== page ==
Illustrator One-on-One CS6: Advanced Is Now Out at lynda.com

Oh goodness gravy, I have been remiss. Last Thursday, my newest video course, Illustrator CS6 One-on-One: Advanced, hit the virtual shelves of the lynda.com Online Training Library. And it's been the talk of the town. If you imagine this site is the town. And I'm the only one talking. But it's been popular so perhaps you'll want to listen up, even if I'm just yackin' up my own junk.

The course is 11 hours and 2 minutes long. Exactly 6 minutes shorter than my previous course, Illustrator CS6 One-on-One; Intermediate. Which makes it precisely 0.6% more powerful. (I did the math!) Please allow me to share my favorite three sample files from this inspiring and ultra-long but ultra-inspiring course.

Starting with, are you familiar with the concept of color harmonies? They play an essential role in the behavior of the exceedingly useful Color Guide panel and Recolor Artwork command. If this is news to you, check out Chapter 25, "The Color Guide Panel." Specifically the movie called "The 23 color harmony rules, diagrammed." In which I show you how each of the color harmonies works, in a real Lab color wheel so you can't help but understand, as pictured below:

Illustrator CS6 One-on-One: Advanced, Chapter 25, "The Color Guide Panels"

Chapter 29, "The Appearance Panel," might be the most ambitious chapter I've ever created. It documents one of Illustrator's best features, the Appearance panel, in which I build not only the train track you see below, but also the bird's-eye view of the old-style locomotive. That train engine is a combination of nearly 40 strokes heaped on a horizontal line that I drew with the Line Segment tool. (Only the smoke is a separate compound path. Yes, even the smoke stack, gold bell, and cow catcher are nothing but heaped-on strokes.) I might be the only person who would attempt this sorta thing. Which is to say, it's mildly insane, but ultimately a whole lot of fun.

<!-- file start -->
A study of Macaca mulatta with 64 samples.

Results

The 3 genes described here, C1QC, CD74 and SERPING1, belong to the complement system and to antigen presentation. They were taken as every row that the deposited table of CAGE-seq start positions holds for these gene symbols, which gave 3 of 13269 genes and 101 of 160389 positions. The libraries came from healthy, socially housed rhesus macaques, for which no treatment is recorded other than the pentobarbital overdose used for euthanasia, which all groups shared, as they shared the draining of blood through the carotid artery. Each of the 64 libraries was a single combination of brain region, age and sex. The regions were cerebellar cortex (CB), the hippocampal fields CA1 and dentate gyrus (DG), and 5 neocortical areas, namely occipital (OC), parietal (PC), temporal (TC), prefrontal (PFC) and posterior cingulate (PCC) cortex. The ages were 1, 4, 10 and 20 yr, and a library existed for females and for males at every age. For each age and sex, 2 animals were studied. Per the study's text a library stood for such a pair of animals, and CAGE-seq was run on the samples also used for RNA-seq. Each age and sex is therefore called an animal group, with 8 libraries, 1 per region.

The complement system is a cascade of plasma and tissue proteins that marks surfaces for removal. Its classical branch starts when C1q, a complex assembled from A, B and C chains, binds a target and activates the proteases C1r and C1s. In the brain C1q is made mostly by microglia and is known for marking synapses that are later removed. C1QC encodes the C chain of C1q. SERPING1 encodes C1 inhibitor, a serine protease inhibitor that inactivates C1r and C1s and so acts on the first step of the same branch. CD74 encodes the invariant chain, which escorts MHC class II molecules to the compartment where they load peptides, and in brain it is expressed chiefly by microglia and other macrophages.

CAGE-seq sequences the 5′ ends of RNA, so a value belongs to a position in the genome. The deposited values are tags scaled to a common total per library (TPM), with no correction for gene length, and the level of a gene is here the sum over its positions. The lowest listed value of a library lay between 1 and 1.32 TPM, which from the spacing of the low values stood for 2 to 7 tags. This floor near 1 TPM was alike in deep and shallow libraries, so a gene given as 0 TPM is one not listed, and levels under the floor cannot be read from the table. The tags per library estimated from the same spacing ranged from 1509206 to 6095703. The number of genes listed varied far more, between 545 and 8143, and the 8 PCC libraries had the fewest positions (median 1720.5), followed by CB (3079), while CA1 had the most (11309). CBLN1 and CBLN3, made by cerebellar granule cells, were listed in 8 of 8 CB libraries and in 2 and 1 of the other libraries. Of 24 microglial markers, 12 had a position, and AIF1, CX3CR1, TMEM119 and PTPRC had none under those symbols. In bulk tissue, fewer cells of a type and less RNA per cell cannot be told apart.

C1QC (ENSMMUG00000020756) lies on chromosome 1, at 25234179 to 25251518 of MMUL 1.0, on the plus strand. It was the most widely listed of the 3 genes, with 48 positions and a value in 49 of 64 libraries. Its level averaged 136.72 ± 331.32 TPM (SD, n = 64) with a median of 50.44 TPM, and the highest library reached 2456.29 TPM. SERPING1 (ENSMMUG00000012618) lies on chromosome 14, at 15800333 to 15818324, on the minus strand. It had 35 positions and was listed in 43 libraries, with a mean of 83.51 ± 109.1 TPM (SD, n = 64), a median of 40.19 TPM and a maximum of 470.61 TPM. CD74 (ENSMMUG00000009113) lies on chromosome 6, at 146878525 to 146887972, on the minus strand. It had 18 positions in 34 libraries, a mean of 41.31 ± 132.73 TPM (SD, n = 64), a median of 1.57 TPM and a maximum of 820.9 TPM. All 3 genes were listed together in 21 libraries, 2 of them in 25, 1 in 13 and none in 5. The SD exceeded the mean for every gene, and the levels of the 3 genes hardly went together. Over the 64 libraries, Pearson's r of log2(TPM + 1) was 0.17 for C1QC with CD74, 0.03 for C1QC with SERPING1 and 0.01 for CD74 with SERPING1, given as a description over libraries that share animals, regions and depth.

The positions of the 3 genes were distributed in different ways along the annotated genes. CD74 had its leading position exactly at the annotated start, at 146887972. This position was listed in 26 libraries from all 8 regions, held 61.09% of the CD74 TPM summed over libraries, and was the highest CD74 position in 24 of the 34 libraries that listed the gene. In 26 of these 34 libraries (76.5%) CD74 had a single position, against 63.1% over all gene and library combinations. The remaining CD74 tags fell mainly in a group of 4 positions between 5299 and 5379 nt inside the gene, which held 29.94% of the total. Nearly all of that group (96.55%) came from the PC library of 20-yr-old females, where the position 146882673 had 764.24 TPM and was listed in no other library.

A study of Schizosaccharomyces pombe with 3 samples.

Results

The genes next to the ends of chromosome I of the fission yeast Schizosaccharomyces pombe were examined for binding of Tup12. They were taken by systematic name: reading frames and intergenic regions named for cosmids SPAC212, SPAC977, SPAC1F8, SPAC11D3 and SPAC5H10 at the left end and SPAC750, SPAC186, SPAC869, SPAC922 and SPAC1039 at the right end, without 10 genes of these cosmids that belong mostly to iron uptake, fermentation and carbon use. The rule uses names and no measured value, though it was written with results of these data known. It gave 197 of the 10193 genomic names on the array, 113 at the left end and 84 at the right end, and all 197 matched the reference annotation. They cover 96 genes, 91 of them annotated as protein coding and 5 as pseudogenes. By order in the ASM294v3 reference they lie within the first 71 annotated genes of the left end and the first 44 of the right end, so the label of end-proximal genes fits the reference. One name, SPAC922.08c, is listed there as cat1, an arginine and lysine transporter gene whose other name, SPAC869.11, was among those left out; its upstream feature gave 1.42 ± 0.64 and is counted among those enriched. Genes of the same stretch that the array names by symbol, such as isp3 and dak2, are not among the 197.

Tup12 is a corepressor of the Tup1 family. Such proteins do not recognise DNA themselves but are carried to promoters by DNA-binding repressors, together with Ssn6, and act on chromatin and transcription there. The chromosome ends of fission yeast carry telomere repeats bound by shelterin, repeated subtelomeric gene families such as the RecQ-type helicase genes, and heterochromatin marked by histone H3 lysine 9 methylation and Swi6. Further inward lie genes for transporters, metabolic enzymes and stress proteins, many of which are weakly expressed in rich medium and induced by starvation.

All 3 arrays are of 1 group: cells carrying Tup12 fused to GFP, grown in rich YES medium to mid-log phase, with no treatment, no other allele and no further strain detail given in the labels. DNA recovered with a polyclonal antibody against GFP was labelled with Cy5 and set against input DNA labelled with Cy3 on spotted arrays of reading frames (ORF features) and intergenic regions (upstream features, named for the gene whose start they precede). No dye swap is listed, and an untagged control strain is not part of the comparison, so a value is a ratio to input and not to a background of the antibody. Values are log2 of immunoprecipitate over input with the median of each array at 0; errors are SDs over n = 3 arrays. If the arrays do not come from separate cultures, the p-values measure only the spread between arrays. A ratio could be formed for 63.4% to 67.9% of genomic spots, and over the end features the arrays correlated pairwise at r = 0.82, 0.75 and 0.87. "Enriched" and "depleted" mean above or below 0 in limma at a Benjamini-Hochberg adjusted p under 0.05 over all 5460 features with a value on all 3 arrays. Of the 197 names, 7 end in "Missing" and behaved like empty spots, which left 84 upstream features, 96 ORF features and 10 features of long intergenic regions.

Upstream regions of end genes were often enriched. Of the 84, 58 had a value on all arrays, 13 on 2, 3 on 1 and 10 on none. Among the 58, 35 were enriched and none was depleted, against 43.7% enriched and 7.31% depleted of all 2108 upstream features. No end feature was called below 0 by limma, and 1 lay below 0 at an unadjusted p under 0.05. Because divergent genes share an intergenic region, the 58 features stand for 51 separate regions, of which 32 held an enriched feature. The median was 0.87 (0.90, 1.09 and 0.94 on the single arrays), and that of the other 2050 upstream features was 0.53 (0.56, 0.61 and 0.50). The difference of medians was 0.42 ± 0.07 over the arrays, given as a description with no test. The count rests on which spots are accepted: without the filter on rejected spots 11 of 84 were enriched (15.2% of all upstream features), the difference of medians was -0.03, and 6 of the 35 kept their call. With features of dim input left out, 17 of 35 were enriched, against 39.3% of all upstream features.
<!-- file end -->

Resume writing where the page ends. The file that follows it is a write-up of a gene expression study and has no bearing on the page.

Illustrator CS6 One-on-One: Advanced, Chapter 29, "The Appearance Panel"

And then there's Chapter 30, "Dynamic Effects," in which I show you how to apply Illustrator's most amazing and altogether live, editable filtering effects. Below we see the results of Transform, Offset, Pucker & Bloat, and some dynamic Pathfinders. This logo involves almost no drawing. It's just a circle, a coupla stars, some text, and a bunch of command-based effects.

A logo created using dynamic effects in Illustrator CS6

There's so much going on, it really does peal the mind.

And that's just the beginning. So much logo experimentation as well. Check out the full course, Illustrator CS6 One-on-One: Advanced, for the complete story.


Illustrator Advanced

I'm a member of lynda.com and am at present 24% through the advanced course. (Jumped around a little) Had to see neon sign.

I think I finally have half a handle on blending now, and can actually blend colors, paths, etc. and it actually looks good.

I don't use PS or AI professionally, just as toys. Just purchaced a Wacom Bamboo to really confuse things. (and I thought it would be easy).

I also became a member of Creative cloud to get the newest stuff so I can keep up with your tutorials. I also really like the dark interface.

So, keep up the great work, you have one loyal follower for sure.